That Time Spider-Man Beat Thanos


And then I realized – as excited as I was to see Thanos in movie form, I haven’t read a heckuva lot of comics he’s been in. Sure, I was familiar with the “Infinity Gauntlet,” and remember flipping through the bulk of that as a kid. But being that I was such a hardcore, laser-focused Spider-Man guy, a hero who spends the bulk of his crime-fighting time picking off street-level criminals rather than fighting cosmic demigods, my bookshelf didn’t have a lot of Thanos on it.

I immediately set out to rectify that, getting a copy of Gauntlet to re-read as an adult, along with some early-90s issues of Silver Surfer where Thanos appeared. Of course, as I was reading more and more of these graphic novels and storylines, I noticed the higher profile (and more entertaining) ones were all written by Jim Starlin. So from there, I started exploring some old school 70s Starlin comics, including his run on Warlock (which featured Thanos). While reading through the Marvel Essential Warlock collection, I stumbled on Marvel Two-in-One Annual #2.

Hey, that’s Thanos picking up Spider-Man and throwing him at the Thing! THAT certainly got my attention.

The Two-in-One annual is the second half of one of the more famous Avengers storylines from the late 1970s, where Thanos is trying to impress his mistress Death by collecting the powers of the Cosmic Cube and Warlock’s soul gem in order to destroy the sun (and by proxy, the solar system that surrounds it). In the first part of the story, which takes place in Avengers Annual #7, Thanos captures the Avengers and kills Warlock. For the second part of the story, it’s up to Spider-Man and the Thing to save the Avengers, and the entire universe.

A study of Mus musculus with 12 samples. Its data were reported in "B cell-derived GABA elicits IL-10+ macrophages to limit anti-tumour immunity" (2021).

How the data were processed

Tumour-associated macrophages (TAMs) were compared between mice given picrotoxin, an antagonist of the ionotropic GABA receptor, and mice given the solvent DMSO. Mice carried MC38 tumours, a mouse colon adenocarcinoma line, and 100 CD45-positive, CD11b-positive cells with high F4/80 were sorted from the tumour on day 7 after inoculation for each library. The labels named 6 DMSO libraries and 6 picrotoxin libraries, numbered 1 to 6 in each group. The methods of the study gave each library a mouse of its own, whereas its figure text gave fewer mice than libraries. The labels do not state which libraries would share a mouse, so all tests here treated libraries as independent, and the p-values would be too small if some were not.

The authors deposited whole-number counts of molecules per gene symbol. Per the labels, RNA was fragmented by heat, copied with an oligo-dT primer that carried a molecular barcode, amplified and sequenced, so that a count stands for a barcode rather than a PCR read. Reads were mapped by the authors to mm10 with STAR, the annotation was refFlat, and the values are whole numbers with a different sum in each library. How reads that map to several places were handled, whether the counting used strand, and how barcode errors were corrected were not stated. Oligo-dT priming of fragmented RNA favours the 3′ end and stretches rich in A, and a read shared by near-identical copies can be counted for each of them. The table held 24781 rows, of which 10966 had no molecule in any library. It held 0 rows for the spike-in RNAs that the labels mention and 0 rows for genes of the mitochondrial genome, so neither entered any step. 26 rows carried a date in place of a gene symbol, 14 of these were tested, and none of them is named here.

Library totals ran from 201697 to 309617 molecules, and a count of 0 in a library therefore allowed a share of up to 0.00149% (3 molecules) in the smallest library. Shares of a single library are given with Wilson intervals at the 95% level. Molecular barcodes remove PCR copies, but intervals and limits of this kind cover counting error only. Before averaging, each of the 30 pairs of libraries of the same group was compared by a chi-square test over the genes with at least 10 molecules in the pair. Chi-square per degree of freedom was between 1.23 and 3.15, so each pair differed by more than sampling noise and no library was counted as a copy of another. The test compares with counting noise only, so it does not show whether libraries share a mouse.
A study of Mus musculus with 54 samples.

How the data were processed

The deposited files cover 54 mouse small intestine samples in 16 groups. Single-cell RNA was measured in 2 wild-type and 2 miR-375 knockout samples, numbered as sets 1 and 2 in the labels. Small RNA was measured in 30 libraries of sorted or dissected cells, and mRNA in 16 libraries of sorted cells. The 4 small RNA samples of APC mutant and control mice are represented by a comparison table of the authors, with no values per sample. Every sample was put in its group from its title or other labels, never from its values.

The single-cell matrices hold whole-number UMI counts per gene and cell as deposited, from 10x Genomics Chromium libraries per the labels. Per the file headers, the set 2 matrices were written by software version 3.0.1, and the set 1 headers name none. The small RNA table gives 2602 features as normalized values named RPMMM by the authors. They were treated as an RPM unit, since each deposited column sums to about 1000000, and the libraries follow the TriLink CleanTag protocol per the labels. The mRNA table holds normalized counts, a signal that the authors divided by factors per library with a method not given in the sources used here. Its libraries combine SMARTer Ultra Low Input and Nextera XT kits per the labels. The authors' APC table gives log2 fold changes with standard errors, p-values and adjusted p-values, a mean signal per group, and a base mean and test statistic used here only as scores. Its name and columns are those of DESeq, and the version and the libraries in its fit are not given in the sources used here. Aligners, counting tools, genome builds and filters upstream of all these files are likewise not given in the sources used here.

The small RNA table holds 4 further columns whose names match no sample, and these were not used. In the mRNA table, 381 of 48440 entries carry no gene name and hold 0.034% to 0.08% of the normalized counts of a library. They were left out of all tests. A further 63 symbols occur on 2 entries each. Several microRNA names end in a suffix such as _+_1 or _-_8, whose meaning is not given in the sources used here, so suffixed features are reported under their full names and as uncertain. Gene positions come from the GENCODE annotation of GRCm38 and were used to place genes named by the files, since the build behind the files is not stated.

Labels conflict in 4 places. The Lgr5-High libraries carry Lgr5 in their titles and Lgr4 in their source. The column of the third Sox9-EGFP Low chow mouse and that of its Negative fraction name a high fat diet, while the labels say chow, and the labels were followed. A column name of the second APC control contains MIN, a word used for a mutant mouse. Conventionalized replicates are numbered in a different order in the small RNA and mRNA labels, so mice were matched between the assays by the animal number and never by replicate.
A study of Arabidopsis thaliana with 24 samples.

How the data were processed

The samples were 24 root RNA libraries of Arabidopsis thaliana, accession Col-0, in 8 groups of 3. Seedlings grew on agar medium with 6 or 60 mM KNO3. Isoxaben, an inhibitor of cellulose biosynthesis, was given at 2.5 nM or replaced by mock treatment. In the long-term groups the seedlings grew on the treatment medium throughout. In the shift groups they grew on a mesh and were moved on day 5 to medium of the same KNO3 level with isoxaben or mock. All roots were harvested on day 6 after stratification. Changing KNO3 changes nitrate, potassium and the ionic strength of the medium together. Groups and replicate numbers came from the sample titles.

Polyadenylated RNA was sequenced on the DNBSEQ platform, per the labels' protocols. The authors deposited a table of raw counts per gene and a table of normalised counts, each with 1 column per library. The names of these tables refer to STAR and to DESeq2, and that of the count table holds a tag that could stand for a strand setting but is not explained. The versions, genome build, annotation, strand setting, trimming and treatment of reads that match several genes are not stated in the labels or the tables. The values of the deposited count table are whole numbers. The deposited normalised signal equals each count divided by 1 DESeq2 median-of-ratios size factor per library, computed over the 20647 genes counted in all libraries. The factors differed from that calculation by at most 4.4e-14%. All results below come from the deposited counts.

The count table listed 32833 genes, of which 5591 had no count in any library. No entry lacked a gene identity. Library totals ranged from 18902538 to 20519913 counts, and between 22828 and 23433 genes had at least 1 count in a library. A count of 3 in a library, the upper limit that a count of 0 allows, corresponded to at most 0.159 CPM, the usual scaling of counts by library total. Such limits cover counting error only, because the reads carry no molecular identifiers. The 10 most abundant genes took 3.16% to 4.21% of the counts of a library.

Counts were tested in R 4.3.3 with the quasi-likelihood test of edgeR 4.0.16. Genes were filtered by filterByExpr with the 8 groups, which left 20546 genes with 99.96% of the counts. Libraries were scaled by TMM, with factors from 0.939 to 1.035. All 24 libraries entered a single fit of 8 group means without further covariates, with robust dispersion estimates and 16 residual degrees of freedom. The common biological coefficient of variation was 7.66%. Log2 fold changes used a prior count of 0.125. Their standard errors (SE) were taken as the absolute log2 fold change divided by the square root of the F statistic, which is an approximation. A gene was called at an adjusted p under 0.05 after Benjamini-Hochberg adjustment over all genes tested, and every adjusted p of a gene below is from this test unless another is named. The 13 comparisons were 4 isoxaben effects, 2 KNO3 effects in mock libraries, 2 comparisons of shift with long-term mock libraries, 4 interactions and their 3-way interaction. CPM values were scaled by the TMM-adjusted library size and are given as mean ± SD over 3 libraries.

My problem with Starlin’s use of the analogy here is the fact that by the time this comic was published (1977), it was pretty well established that Spider-Man would always value the “responsible” choice over the selfish one. He was still a flawed hero, and far from a saint, but every subsequent time I read this Two-in-One annual, I find Starlin’s initial characterization to be jarring. Yes, Spider-Man did wake up and came back to do the right thing. But he certainly debated that decision long enough – more than I ever remember him debating forgoing his responsibility.

Fortunately, Starlin would go on to stick the landing  in a major way, especially if you’re a big-time Spider-Man fan. Once Spidey returns to the fray, he finds himself outnumbered and overpowered and realizes the only hero within earshot who has the strength to match-up with Thanos is Thor (who’s suspended in animation with the rest of the Avengers). With no real options left at his disposal, Spider-Man improvises a unique way to save the day. He throws his body at the containment tank where the Avengers are being held, breaking it open and unleashing them on Thanos.


If that wasn’t enough, Spider-Man gets one more moment to shine in this story when he manages to release the Soul Gem from Thanos’ control, which temporarily resurrects Warlock. Warlock then lands the finishing blow on Thanos, using his immense cosmic powers to freeze the “Mad Titan” in stone, creating one of the most iconic Marvel comic panels from the 1970s.


All images from Marvel Two-in-One Annual #2: Jim Starlin & Josef Rubinsten. Special thanks to Bronze Age Babies for posting these images in this July 2013 post.